That’s me in the photo, with my brother Mike.
I was about five-years-old, sporting my mom’s sunglasses and my grandmother’s cigarette holder.
I remember the day vividly: sunny, summer, goofing around with my brothers at my grandparents’ house.
But then things turned.
I don’t remember why or what caused it. All I know is I felt picked on, grievously injured. (Not uncommon when you’re the youngest, the only girl, and you have three older brothers.)
So how did I handle it? Well, I marched over to the nearest telephone pole. Slung my arms up to rest on it. Hung my head down. Then loudly proclaimed:
I can’t take it anymore!
As if on cue, my brothers broke into hysterical laughter, deriding me for being a drama queen. And then they left me alone. All because, without even thinking about it, I made this angst-filled, melodramatic proclamation.
Yes, kids are good at that.
The thing is, though, it doesn’t just happen when we’re children. You probably remember times as an adult when you said or thought something that just didn’t seem like you at all.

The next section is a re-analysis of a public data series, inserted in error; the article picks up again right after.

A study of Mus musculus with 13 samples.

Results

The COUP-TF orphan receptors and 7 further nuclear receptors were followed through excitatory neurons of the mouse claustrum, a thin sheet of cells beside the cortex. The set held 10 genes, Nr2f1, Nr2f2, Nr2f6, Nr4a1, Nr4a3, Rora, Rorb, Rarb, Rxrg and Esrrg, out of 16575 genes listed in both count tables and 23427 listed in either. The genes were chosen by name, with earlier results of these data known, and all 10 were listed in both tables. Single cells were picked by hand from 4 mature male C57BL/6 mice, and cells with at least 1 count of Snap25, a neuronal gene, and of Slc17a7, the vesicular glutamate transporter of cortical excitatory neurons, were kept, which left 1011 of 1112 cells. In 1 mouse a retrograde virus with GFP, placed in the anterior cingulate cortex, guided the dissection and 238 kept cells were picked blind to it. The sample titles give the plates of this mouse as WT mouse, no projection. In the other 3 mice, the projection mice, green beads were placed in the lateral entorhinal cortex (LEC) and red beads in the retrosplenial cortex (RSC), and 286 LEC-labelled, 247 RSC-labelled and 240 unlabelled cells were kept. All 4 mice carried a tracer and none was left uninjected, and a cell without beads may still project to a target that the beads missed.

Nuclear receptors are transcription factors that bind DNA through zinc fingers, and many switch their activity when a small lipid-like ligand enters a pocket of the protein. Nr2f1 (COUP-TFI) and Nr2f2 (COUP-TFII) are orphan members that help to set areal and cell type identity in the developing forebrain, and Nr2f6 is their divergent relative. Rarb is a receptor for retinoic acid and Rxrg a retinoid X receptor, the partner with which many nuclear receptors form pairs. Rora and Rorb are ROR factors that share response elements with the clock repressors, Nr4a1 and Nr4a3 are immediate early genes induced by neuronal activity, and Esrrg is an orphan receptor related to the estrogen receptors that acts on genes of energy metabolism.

Something that was melodramatic.
Something that was even embarrassing?
You might think that the best course of action when this happens is to get yourself in line and move on. Because you don’t want to be overacting your way through life, right?
But what if there was more to consider here? What if these unexpected eruptions represented deeper parts of you that were asking for air time?
What if this was the only way they knew to get your attention?
The truth is that deep, soulful, archetypal energies are not neat and well-mannered.
They don’t keep their elbows off the table or chew with their mouths closed.
They’re wild forces of nature, speaking a primitive language that doesn’t always go over well in day-to-day interactions.
And yet, whenever such a force shows up, it’s good to pay attention. Something powerful has just emerged. And it may give you insight or motivate transformation around an area of your life that’s truly important to you.
Perhaps you’ve guessed I speak from experience. My Drama Queen has stayed with me long past the time of childhood.
She can be loud, frantic, obnoxious, prima donna-ish, feet-stamping, high strung and shallow. She definitely knows how to throw a fit when she feels neglected. But when I give her some time and attention, I often find there’s a whole lot of wisdom underneath the drama.
So next time you find yourself acting out, or wanting to, you might consider exploring whether there’s some wisdom to be found beneath your own drama.
You could do that by…
Naming it, stepping into it, moving with the energy of your Drama Queen.
Speaking as your Drama Queen: I am, I feel, I have, I can, I know.
Engaging in a dialogue with her. Writing her a letter.
Creating a mask or shrine or doll in her honor.
So here’s something for you to reflect on: what kind of relationship do you have with your own Drama Queen?